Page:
Kids say the funniest things- Mariaam Bhatti: Tales of a Domestic Worker
2017-07-05 14:24:29 -
Opinion

These moments are what help many childminders stay sane in difficult situations. I recall when I was in my first job in Ireland as a live-in childminder and housekeeper, I was being exploited and constantly worried about being thrown out on the street if for some reason my employer woke up not wanting me in her house anymore. This is a worry that many live-in domestic workers, including au pairs, often have.

When I was with the kids, however, life was much easier. I always went with the flow and did not limit myself when we were out playing, even if it meant occasionally ‘flying’ like a kite in an open field. The youngest child, who was a toddler, was hard to please; she seemed to have a bad day almost every day, but with the help of her eight-year-old sister we managed to get a few giggles from her a few times each day.

I always cherish some of the silly things children ask me, as they are usually well thought-out. Another time, when in my second childminding job, as I and the three-year-old I was minding cycled passed a fire engine filling up with water from the river, I asked myself out loud: “I wonder what one needs to have to be a firefighter.” There was no response at first from the youngster, so I assumed he wasn’t paying attention. But moments later I heard a little voice from behind my bike saddle: “You need a fireman hat, gloves, engine, boots and a hose.” He was coming from a totally different angle; it was true, original and just beautiful.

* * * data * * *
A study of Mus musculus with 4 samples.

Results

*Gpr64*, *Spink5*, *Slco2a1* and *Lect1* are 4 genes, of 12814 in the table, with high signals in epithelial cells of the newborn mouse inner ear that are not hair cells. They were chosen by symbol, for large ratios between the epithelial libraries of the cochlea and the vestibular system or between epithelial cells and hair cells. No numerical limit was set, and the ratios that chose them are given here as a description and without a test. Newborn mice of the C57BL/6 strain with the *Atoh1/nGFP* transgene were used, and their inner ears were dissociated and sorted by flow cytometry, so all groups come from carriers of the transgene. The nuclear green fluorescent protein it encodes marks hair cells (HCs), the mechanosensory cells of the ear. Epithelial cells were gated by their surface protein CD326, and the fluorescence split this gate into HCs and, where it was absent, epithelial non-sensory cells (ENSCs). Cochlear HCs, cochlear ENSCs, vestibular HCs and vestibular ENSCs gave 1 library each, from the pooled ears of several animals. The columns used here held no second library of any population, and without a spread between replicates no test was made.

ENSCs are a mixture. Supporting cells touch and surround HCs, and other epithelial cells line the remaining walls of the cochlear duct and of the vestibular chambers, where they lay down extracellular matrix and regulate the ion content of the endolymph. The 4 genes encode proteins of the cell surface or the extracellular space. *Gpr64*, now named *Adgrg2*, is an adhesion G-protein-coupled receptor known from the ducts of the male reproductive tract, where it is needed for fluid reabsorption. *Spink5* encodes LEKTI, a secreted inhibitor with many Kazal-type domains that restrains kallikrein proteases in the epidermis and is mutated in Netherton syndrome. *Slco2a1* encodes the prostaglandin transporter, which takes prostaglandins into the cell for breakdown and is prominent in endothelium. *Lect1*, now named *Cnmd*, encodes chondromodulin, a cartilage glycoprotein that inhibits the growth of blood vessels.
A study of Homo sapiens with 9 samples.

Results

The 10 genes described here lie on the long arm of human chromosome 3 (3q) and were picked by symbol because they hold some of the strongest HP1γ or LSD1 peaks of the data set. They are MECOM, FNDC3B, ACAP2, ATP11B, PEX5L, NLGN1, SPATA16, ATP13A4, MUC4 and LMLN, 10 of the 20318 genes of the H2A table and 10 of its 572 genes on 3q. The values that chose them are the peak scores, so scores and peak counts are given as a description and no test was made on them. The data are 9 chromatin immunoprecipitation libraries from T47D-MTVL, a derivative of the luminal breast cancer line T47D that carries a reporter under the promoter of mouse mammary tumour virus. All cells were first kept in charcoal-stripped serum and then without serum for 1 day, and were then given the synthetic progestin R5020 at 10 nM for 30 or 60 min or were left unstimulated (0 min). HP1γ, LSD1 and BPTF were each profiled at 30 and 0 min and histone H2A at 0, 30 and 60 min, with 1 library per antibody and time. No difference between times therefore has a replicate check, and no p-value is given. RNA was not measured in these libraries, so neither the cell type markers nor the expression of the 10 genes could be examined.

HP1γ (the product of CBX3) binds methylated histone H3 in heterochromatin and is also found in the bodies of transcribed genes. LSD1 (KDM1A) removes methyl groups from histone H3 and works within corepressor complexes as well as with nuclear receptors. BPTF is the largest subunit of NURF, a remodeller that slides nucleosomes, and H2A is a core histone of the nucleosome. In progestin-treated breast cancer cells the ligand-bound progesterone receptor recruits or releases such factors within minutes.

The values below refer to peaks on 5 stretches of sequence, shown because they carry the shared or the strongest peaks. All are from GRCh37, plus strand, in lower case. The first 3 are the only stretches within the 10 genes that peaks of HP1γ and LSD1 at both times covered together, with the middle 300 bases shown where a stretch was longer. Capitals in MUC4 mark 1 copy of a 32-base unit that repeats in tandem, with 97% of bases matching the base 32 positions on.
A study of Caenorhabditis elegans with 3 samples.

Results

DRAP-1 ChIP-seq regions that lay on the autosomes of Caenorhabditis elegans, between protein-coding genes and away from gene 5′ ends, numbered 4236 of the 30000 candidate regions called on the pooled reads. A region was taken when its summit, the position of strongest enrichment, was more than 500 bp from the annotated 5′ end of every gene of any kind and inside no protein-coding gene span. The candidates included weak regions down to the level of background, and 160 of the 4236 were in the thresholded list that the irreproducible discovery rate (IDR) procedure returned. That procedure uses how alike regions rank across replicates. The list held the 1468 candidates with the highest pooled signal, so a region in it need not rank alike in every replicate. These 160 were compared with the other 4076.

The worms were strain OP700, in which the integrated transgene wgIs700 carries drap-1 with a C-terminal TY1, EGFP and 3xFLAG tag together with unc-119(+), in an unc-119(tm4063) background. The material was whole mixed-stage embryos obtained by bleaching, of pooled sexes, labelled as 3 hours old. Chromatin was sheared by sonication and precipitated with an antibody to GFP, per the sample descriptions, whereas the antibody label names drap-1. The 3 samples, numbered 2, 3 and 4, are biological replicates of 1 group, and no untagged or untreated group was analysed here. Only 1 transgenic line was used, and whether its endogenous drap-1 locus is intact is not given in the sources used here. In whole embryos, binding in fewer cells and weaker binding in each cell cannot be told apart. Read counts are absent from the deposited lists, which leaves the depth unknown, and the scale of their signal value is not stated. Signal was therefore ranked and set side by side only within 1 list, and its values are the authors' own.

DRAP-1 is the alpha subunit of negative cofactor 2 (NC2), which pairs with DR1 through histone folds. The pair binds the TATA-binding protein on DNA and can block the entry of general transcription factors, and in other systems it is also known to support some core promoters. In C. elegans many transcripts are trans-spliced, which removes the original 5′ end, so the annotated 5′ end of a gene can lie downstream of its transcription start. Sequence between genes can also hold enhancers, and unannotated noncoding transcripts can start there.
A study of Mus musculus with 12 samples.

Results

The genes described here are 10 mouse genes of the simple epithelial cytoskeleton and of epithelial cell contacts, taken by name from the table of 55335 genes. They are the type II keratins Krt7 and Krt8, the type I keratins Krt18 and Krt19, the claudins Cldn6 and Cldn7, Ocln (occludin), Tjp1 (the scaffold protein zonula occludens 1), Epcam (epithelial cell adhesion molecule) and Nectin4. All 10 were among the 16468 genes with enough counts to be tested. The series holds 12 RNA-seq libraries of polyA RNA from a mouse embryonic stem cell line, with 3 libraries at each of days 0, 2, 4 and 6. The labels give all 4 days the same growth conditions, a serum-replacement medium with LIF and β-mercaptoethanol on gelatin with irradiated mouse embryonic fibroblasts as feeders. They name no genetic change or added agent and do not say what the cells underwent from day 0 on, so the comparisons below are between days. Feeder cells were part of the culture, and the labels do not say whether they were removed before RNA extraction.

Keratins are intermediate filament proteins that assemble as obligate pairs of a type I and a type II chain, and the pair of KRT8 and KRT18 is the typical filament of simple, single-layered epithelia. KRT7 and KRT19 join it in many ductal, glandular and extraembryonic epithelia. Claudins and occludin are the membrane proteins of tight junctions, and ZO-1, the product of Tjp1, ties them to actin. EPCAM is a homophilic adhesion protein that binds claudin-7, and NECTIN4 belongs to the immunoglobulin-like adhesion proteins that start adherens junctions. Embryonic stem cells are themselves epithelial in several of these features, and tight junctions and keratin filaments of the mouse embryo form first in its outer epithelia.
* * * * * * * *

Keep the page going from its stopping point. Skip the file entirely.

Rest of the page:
Another time, this little boy’s eight-year-old brother asked me on a bus trip: “Mariaam, why don’t buses have seat belts?” This was a valid and intelligent question which got me thinking about my bus journeys around Dublin in a whole new way.

That same young man once asked me on a stroll through a beautiful park: “Mariaam, where do you work?” I had been minding him and his brothers for at least two years, so I turned to him a little confused and said: “Young man, what do you think I’m doing here? Isn’t looking after you work?” He responded: “It is, but I mean, do you have a real job like my mom and dad have in their office?” 

I had no words – that’s when the young man’s eldest brother, who was 10 but had the intelligence of a secondary school student, chimed in to knock some sense in his younger brother’s mind. 

In all my experience with these kids, I was never sad. I certainly always looked forward to my day at work in that second job. I often hummed in the shower as I was getting ready for the day, believe it or not. This line of work is undeniably demanding, but it is also truly rewarding and valuable.

The only black spot is that it often lacks security. One might want to stay in childminding for as long as they want, but will not likely be entitled to things like paid annual leave and other rights that are enjoyed by most other workers.

Mariaam Bhatti is a member of the Domestic Workers Action Group and Force Labour Action Group of the Migrant Rights Centre Ireland.